The latest in a series of secret summer sessions is scheduled for tomorrow in the Expo Center at the Thurston County Fairgrounds, 3054 Carpenter Road, in Lacey, according to the Washington State Federation of Employees (WFSE).
The clandestine budget meeting begins at 9:00 am Tuesday, and deliberations are to wrap-up by 5:00 pm Wednesday. Members of the public, the media, even state lawmakers, are barred from attending or observing the high-level talks.
Today The Seattle Timesfeatured business owners who are grappling with how to deal with Seattle’s new $15 minimum wage law. While sobering, none of the business owners’ reactions to the mandated high wage are surprising.
The owner of a small, family-run hotel said he plans to raise room rates and reduce workers’ hours (but not their job duties):
State officials tell the public that the gas taxes and other driver fees they collect are user fees, deposited into a special trust fund to maintain and expand the state’s road network to provide a quicker trip. It’s a promise to use taxpayer money and make things better. Yet, traffic congestion levels continue to rise. In an October 2013 poll, 63% of respondents said they were unimpressed with public officials’ performance on relieving traffic congestion. People’s frustration is understandable.
Part of the funding for Obamacare comes from a $2.3 billion per year tax on drug manufacturers. The tax is assessed based on the share of all drug sales for each company that specific year. The money to pay this tax will either come from higher drug prices passed on to consumers or will come from research and development budgets.
Based on the results of a May 2014 statewide poll, Washingtonians' support for taxpayer protections has not waned since they approved I-1185 in 2012. You may recall that approval of I-1185 was the fifth time that voters had adopted a supermajority vote for tax increases requirement. It passed statewide with a 64 percent “yes” vote and with majority approval in 44 of the state’s 49 legislative districts and in every county of the state. This policy received more votes statewide than either President Obama or Governor Inslee.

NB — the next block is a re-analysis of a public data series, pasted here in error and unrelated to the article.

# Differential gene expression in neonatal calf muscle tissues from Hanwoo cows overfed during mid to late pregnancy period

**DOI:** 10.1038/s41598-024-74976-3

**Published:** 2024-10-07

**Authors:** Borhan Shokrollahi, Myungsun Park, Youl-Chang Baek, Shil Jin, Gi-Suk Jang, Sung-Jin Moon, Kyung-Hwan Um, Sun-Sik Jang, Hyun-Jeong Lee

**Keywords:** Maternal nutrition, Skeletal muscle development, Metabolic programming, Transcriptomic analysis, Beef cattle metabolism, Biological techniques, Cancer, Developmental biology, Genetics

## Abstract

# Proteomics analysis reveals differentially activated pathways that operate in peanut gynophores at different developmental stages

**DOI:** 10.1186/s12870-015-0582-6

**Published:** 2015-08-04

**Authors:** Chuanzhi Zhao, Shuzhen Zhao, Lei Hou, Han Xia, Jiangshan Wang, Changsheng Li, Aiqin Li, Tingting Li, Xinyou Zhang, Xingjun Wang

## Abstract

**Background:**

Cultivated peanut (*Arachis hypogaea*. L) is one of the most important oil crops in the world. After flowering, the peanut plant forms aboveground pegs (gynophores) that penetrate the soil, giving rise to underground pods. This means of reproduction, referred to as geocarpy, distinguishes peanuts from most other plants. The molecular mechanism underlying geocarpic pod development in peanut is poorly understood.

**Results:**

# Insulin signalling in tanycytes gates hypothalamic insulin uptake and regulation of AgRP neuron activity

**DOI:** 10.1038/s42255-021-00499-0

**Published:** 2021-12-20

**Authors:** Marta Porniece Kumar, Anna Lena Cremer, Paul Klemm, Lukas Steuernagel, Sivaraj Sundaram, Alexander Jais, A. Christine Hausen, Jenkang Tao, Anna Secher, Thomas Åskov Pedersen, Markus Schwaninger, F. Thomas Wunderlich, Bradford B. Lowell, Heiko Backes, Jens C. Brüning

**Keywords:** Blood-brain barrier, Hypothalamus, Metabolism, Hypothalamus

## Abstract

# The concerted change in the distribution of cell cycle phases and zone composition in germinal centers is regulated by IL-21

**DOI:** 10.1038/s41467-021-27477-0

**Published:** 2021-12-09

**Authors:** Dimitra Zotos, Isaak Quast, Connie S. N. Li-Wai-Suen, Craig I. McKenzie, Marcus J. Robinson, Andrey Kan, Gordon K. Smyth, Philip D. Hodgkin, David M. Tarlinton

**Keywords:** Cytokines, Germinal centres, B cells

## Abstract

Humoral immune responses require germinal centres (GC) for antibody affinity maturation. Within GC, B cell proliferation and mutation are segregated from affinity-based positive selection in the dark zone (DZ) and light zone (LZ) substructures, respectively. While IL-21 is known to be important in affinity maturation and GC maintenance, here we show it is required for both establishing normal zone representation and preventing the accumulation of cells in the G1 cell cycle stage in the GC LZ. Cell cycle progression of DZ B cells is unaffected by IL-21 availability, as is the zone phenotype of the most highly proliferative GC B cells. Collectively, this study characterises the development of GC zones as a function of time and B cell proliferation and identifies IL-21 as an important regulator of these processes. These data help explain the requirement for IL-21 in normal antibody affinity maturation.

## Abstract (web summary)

When the Seattle City Council joyfully voted to increase the mandatory minimum wage (the city's price control on labor) to $15 an hour, it didn't take long for leaders in other cities to spot an opportunity. Editors at the Tri-City Herald say they have one word for Seattle businesses: “Welcome.” They even provide a confidential phone number. With brazen impertinence, they’re cooing...
In a masterpiece of clarity and concision, The Seattle Times has posted Frank Shiers’ cartoon that gets at the heart of the reason behind the coming cuts in King County Metro bus service. County Executive Dow Constantine, despite Councilmember Rod Dembowski’s plan that would save 95% of current bus service, is pushing ahead with a painful operation that is no longer necessary. As Councilmember Larry Phillips put it, “There’s no action more regressive than gutt
An organization representing small business owners in Seattle has filed a charter amendment to undo the City’s recently passed $15 minimum wage law and replace it with a less aggressive and less complicated minimum wage increase.
Today the International Franchise Association filed a lawsuit asking a court to block implementation of Seattle’s newly passed $15 minimum wage law. The law received unanimous support from the Seattle City Council and is scheduled to go into effect April 1, 2015.
Governor Jay Inslee today praised a national ranking by Forbes that shows Washington state is the best state in which to make a living.The ranking lists “no income tax” as one of the primary reasons for Washington’s high standing.
They say governing is about making hard choices, and yesterday a top elected official chose to make life harder for the people of King County. County Executive Dow Constantine on Monday vetoed a practical and responsible plan offered by Councilmember Rod Dembowski that would preserve 95% of current Metro bus service without raising taxes.
Everyone is predicting what the real world impact of Seattle’s newly passed $15 minimum wage will be. The truth is there will not be a mass exodus of businesses from the city, nor will the economy crash.
Last week, in a bit of good news for Seattle children, the Seattle School Board voted 4-3 to adopt the Math in Focus textbook for Seattle’s elementary schools. Math in Focus is a solid curriculum based on the effective Singapore method for teaching math. The board of the state’s largest school district, serving nearly 50,000 students, has exercised its authority to reject a lower-standard math text chosen by school district officials, EnVision Math.